Since 1932, when the Portland Art Museum received the gift of the Mary Andrews Ladd collection of nearly 800 Japanese prints, the institution has been renowned for the depth and breadth of its collection of this popular medium. Since that time Japanese prints have taken center stage in a variety of exhibitions, and this fall Poetic Imagination in Japanese Art: Selections from the Collection of Mary and Cheney Cowles continues that tradition by offering visitors an extraordinary chance to see more than 100 paintings and works of calligraphy from one of the finest private collections of Japanese art in North America.
Poetry, painting, and calligraphy have always been deeply intertwined in East Asia, but in Japan the nature and meaning of those relationships have evolved over time, responding to larger cultural changes. The artworks in this exhibition, spanning the eighth to 20th centuries, illuminate the central role of poetry in the visual arts across time and in diverse social contexts.
Formed over the past four decades, the collection of Mary and Cheney Cowles is exceptional in its quality and breadth, and unique in that it is deeply informed by classical Japanese taste as well as welcoming of idiosyncratic departures from the canon. Poetic Imagination in Japanese Art focuses on one of the great strengths of the Cowleses’ holdings: visual art closely tied to poetic traditions.
“While those deeply familiar with Japanese culture will appreciate the literary allusions in these works, all visitors will be able to savor their evocative beauty,” says curator Maribeth Graybill, The Arlene and Harold Schnitzer Curator of Asian Art at the Portland Art Museum. “This is an exhibition that invites contemplative looking and emotional response. We hope that viewers will be inspired to compose their own verses about what they see and feel.”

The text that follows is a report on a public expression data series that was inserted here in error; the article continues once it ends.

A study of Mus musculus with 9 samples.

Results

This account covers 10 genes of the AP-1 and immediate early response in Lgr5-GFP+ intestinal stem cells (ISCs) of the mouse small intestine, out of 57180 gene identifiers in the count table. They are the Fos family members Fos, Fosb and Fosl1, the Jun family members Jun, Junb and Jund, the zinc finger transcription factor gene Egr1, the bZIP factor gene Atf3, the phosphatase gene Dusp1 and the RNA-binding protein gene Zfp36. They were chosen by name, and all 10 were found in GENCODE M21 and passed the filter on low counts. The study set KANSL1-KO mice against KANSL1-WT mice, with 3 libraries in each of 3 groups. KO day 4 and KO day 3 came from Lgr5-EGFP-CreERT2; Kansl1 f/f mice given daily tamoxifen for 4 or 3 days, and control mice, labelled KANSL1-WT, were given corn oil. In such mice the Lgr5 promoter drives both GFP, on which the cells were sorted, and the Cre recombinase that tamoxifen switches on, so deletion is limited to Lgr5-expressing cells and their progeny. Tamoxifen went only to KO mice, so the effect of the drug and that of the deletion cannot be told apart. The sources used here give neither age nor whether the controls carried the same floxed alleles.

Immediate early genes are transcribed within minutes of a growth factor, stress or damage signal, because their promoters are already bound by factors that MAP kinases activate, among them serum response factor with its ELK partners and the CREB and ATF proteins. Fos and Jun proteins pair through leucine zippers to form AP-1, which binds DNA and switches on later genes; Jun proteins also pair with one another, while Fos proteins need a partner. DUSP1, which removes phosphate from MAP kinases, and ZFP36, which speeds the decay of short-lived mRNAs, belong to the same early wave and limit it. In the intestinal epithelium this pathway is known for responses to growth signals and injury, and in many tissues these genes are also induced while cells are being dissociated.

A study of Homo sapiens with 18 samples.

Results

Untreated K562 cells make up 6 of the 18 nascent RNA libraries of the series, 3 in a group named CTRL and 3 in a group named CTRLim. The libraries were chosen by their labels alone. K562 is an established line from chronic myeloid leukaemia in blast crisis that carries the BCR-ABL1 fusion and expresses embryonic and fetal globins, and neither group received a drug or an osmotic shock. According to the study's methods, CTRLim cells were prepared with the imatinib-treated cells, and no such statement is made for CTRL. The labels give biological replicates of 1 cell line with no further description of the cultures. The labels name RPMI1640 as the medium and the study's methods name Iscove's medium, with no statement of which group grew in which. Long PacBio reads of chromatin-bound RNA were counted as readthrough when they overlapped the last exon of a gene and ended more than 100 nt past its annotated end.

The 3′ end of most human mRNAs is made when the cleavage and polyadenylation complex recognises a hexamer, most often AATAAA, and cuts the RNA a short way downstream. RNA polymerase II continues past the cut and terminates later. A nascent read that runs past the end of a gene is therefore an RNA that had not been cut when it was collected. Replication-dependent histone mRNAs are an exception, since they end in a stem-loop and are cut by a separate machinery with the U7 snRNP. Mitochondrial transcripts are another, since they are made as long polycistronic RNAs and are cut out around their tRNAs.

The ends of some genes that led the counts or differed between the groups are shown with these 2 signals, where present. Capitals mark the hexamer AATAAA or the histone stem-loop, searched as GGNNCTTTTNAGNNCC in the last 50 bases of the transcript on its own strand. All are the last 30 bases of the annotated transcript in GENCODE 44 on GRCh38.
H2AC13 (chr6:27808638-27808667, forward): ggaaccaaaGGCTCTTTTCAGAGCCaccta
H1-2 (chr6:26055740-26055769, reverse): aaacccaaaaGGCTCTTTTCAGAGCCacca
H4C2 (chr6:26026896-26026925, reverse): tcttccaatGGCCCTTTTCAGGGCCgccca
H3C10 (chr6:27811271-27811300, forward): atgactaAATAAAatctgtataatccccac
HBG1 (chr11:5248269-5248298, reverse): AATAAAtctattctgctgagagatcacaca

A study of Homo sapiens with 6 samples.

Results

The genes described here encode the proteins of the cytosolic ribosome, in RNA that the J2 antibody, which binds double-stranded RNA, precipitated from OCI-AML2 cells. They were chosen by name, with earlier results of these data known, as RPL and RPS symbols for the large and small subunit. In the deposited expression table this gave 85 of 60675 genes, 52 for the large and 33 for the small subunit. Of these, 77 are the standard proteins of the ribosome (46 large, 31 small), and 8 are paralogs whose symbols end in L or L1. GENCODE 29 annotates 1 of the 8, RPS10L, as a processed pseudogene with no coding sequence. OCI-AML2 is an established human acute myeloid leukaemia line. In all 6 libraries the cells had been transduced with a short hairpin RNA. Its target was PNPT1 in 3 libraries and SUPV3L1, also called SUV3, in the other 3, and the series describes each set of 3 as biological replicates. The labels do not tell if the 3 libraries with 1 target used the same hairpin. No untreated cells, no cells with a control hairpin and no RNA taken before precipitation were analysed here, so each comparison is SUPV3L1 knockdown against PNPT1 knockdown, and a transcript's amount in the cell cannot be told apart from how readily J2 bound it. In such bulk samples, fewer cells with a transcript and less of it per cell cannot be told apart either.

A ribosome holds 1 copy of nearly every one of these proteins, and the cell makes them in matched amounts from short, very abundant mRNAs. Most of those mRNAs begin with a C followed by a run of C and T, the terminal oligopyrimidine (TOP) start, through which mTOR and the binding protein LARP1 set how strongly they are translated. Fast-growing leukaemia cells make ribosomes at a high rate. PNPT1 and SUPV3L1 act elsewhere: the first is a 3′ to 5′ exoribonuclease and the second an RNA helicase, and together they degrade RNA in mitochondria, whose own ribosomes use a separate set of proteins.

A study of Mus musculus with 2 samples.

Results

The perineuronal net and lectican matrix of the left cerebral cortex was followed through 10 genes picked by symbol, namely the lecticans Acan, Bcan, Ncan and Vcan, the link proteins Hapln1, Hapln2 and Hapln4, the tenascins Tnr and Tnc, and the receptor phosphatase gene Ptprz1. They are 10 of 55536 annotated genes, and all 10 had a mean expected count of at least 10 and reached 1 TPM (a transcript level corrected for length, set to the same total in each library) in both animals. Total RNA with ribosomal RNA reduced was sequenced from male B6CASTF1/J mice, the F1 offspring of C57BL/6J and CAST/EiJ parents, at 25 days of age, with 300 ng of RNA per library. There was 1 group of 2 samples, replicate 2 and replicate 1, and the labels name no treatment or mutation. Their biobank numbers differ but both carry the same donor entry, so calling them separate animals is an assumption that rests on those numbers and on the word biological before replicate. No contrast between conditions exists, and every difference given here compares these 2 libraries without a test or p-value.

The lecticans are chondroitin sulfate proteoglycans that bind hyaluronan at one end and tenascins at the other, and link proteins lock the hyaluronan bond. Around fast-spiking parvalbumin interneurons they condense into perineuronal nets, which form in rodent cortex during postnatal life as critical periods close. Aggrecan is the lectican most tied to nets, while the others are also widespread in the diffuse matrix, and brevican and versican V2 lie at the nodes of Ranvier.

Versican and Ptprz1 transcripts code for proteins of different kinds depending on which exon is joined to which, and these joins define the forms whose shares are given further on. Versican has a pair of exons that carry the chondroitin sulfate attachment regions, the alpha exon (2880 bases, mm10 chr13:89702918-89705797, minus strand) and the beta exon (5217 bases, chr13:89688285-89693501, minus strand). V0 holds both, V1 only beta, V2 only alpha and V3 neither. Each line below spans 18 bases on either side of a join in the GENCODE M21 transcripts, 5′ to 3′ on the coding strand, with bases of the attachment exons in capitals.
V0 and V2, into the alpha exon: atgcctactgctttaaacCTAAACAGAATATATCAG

Visitors of all ages are invited to find poetic inspiration during three “Japanese Poetry, Art, and Culture Weekends.” These occasional special event weekends will feature demonstrations of calligraphy and ikebana—the Japanese art of flower arrangement—as well as music performances, poetry reading and writing opportunities, artmaking, and even the chance to sample Japanese small bites and sweets from local makers. Partners, performers, and vendors include snacks from Beaverton-based Oyatsupan Bakery; poetry writing, reading, display with Write Around Portland; origami demonstration and art making with Yuki Origami (Yuki Martin); and calligraphy demonstrations with Sora Shodo.
Additionally every Thursday morning there will be a public Ikebana demonstration in partnership with the Portland chapter of Ikebana International.
Japanese Poetry, Art and Culture Weekends
October 19, 5 – 8 p.m. (admission $5 after 5 p.m.)
Children under 17 years old are always free.